Samsung is one of the leading manufacturers when it comes to any electronic products, including desktop computer components and laptops. Their latest laptop models can compare with the best of the best, and a lot of times, their price is also lower thanks to the company’s policy of using their own components (hard drives, displays, RAM modules, etc.) in their notebooks.
The Series 9 Ultrabook is easily the most impressive Ultrabook on the market – it combines great features and high performance with a very sleek design that doesn’t remind everyone of the MacBook Air (as is the case with most other manufacturers and their Ultrabooks) – it’s almost in a class of its own. Now it seems that the time has come for the popular notebook to get an upgrade, with Samsung demonstrating the second generation of the Series 9 Ultrabook at CES 2012 – and it’s really something.
The new Series 9 comes in three sizes – 13.3 inches, 14 inches and the elusive 15 inch version, all of which are simply awesome. The design has been altered, with Samsung going for a unibody construction, which let them reduce the thickness and weight of the laptops even further, but took away a bit of the uniqueness of the first model. Still, the new Series 9 do not remind of the MacBook Air – there are plenty of unique points, and that is quite surprising, as most of the times Unibody=Air, so Samsung should really be applauded for doing the impossible here.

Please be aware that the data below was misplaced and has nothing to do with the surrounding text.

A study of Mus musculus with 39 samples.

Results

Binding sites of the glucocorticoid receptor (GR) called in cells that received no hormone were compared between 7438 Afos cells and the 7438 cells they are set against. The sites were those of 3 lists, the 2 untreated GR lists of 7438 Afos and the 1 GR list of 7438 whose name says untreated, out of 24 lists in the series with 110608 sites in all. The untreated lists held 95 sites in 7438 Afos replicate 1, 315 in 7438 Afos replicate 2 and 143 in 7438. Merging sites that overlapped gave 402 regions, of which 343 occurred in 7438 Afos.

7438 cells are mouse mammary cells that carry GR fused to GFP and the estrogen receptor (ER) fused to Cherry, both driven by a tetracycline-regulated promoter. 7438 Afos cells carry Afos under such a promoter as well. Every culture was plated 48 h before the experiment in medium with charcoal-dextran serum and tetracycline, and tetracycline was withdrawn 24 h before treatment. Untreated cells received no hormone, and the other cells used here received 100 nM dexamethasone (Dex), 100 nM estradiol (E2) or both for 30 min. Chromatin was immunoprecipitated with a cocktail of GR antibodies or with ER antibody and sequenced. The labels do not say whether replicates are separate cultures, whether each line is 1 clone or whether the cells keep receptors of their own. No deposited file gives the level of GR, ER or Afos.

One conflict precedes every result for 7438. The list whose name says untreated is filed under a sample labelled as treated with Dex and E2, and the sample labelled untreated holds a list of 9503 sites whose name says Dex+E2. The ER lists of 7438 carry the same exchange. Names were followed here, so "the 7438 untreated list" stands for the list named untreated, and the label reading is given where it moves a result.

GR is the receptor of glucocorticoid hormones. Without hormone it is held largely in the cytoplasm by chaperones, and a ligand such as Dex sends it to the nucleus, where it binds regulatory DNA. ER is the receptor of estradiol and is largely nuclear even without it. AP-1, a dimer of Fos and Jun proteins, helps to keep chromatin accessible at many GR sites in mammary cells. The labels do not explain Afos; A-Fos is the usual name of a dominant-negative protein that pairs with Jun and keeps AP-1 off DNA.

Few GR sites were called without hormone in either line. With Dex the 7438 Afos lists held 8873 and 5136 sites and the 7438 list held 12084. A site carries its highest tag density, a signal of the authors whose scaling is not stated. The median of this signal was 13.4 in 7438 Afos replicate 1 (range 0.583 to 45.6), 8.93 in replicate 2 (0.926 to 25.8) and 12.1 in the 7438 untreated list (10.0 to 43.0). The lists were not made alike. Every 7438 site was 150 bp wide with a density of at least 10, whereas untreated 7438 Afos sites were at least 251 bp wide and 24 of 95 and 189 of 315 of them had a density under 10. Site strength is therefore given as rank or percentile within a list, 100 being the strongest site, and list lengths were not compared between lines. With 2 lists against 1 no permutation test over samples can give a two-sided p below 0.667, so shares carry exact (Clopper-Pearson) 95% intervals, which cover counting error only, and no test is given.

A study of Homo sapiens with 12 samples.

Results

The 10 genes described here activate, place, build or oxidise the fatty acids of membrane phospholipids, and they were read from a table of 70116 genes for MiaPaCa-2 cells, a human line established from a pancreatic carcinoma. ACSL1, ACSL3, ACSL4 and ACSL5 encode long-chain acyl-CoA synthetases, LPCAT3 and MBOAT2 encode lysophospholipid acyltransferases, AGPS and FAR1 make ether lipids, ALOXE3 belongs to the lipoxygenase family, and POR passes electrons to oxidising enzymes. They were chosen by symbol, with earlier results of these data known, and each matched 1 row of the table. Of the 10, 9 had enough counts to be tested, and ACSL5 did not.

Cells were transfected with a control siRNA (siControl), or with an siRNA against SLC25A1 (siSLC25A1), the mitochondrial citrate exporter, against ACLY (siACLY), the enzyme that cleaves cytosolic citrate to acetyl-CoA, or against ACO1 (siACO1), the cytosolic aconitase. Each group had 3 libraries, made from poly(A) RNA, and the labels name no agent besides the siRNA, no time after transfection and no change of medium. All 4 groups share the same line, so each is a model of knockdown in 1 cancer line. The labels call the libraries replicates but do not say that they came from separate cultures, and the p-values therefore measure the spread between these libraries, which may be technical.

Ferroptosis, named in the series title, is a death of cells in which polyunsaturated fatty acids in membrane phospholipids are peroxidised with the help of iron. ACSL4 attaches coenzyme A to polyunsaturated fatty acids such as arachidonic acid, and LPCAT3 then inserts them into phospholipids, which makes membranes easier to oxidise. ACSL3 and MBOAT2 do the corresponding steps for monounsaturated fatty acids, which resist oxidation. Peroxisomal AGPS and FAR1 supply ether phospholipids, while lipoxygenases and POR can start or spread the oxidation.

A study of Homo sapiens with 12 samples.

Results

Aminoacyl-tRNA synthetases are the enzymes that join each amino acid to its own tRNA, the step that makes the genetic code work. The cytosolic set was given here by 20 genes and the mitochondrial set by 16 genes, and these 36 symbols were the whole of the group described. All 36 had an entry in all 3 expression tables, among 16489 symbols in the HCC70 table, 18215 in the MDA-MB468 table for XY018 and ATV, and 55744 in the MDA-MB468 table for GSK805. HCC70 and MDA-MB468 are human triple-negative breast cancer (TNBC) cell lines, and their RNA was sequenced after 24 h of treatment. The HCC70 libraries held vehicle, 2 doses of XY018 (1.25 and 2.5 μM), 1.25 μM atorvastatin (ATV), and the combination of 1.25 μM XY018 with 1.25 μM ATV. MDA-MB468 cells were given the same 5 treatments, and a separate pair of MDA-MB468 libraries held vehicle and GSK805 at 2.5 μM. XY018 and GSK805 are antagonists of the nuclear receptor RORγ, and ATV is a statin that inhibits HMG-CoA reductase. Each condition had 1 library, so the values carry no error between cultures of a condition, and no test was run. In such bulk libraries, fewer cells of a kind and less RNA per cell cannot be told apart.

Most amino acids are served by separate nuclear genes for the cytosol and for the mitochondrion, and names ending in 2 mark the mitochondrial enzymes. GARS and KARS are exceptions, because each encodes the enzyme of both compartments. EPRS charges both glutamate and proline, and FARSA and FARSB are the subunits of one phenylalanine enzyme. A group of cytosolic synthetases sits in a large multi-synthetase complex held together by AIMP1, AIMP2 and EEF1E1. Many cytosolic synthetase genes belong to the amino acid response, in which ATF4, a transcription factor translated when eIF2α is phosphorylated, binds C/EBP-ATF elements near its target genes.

image source: Dan_h
The 13 inch version is only 12.9mm thin at its thickest point with the lid closed, which is really impressive, while the 14 inch version is just a bit thicker at 14.9mm – still thinner than anything else on the market. The weight of the 13 inch version is only 2.5 pounds, which is also quite an achievement. The display bezel is very narrow, which allows for the displays to fit inside a smaller chassis, making these Ultrabooks very portable while not giving up screen real estate. All models have a 1600×900 pixels display – Samsung has finally decided that 1366×768 resolution units weren’t worth it, which is a good choice.
The hardware features and performance of the refreshed Series 9 Ultrabooks remain at the same high level as its predecessors, with Core i5 and i7 processors and 4 or 8 GB of DDR3 RAM providing the performance, a 128 or 256 GB mSata SSD providing the storage space and Intel’s own HD Graphics providing the video and 3D capabilities, which are pretty good on the Sandy Bridge CPU’s. There’s also word that the line could get Ivy Bridge processors by the time they’re released, but it hasn’t been confirmed.
The ports selection has changed a bit, with the new Series 9 having 2 USB ports (USB2.0/USB3.0) and an audio jack plus of course the usual Wifi and Bluetooth, as well as Intel’s WiDi adapter (instead of HDMI, apparently). That could be a problem for some users, but most people will like the extra USB port.
The price will start at around $1500 – that’s what you pay for the best Ultrabooks on the market, and frankly, they’re definitely worth it considering how good the first Series 9 Ultrabooks are.